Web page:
Market meltdown forcing several cryptocurrency start-ups out
Cryptocurrency investors are left licking their wounds after the colossal market collapse, that shaved off over $100 billion from the collective market cap in a month and sent coins to yearly-lows. Start-ups that have curated their business models around decentralized currency have also faced severe setbacks.
Last week, Bloomberg reported that several cryptocurrency start-ups have been forced out of operations due to the rapidly declining price of the market, induced by the falling anchor, Bitcoin [BTC], which fell by 48.6 percent since the beginning of November when the price was at $6,400.
The development team behind Ethereum Classic, the 17th most prominent crypto on the market, ETCDEV announced last week that it would halt its operations due to increased financial uncertainty and the plummeting value of crypto. Ethereum Classic posed a market cap of over $400 million when the development team had to succumb.
Igor Artamanov, founder of ETCDEV said, identifying the trend caused by the market fallout, “There are a few things that happened at the same time. I am sure if that happened a year ago, that wouldn’t be a problem at all, a year ago there was a lot of free money in the market. But in a bear market, there’s a change.”
Joseph Lubin, previously at Ethereum and now at ConsenSys, announced last week that his workforce would be cut by 13 percent and company reorganized as the price plummets and investor confidence escapes.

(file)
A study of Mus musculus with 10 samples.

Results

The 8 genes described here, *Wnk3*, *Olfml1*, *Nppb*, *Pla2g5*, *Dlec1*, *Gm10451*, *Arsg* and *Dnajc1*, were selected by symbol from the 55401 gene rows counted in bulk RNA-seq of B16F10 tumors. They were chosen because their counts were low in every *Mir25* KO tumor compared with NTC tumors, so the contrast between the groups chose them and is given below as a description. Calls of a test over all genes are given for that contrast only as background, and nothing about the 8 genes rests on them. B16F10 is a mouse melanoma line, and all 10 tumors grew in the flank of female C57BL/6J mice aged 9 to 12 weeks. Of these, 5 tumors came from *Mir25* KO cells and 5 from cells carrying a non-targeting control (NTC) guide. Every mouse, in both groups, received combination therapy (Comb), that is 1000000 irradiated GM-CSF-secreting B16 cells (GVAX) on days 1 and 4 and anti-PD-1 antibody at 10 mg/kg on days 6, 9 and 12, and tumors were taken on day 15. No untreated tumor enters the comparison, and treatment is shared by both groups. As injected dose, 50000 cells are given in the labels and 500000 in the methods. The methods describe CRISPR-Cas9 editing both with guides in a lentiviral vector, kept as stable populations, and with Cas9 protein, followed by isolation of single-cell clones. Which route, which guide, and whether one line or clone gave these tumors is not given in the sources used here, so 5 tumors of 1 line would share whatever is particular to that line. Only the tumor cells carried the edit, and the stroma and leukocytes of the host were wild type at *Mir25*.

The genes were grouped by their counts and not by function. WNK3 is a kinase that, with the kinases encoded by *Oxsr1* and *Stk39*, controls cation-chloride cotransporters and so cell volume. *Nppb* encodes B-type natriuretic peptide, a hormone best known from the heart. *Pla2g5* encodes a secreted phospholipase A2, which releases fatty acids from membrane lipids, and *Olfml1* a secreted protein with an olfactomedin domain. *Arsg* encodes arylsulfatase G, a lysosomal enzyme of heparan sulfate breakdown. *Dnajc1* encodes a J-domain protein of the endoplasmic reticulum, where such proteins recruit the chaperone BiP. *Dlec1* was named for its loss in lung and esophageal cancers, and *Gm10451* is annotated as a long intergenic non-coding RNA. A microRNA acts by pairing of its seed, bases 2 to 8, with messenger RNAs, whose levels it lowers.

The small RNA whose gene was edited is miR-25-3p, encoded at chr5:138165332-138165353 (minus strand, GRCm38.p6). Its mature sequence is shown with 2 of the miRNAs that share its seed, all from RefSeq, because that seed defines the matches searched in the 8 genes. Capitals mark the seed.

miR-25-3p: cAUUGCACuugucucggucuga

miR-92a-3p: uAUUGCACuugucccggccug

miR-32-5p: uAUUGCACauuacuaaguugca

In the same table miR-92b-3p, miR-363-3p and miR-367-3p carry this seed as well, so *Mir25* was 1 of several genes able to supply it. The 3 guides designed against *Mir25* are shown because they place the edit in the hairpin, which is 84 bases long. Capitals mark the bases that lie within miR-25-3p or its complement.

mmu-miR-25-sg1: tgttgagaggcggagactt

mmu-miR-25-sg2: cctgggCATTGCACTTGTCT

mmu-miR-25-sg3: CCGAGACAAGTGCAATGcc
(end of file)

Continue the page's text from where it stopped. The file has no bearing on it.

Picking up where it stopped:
Steemit Inc. the social advertising site that rewards content creators for posts they put out also had to cut its staff to by 30 percent in late November. The adult entertainment site on a blockchain, SpankChain, which let go of 8 employees earlier in the year, recently had to remove 4 more as a result of the falling market. The total manpower now stands at 8, as confirmed by their CEO Ameen Soliemani.
On the other hand, 2018 has been fruitful for some crypto start-ups, Sirin Labs, the company behind the Solarin mobile phone raised $158 million last year for their crypto-centric mobile phone, which launched late last month. Finney, their crypto phone which costs $999, will begin to ship in December 2018. Moshe Hogeg, the Chief Executive of Sirin Labs has since indicated that the company would shift its focus from hardware to developing software for other phone manufacturers.
The cryptocurrency market does look gloomy and start-ups are being edged out of the main fray, but 2019 looks promising with the entrance of institutional investors imminent. Lex Sokolin, global director of Fintech strategy at Autonomous Research said, “The pace of new entrants and capital could counterbalance this contraction and still grow the sector as well.”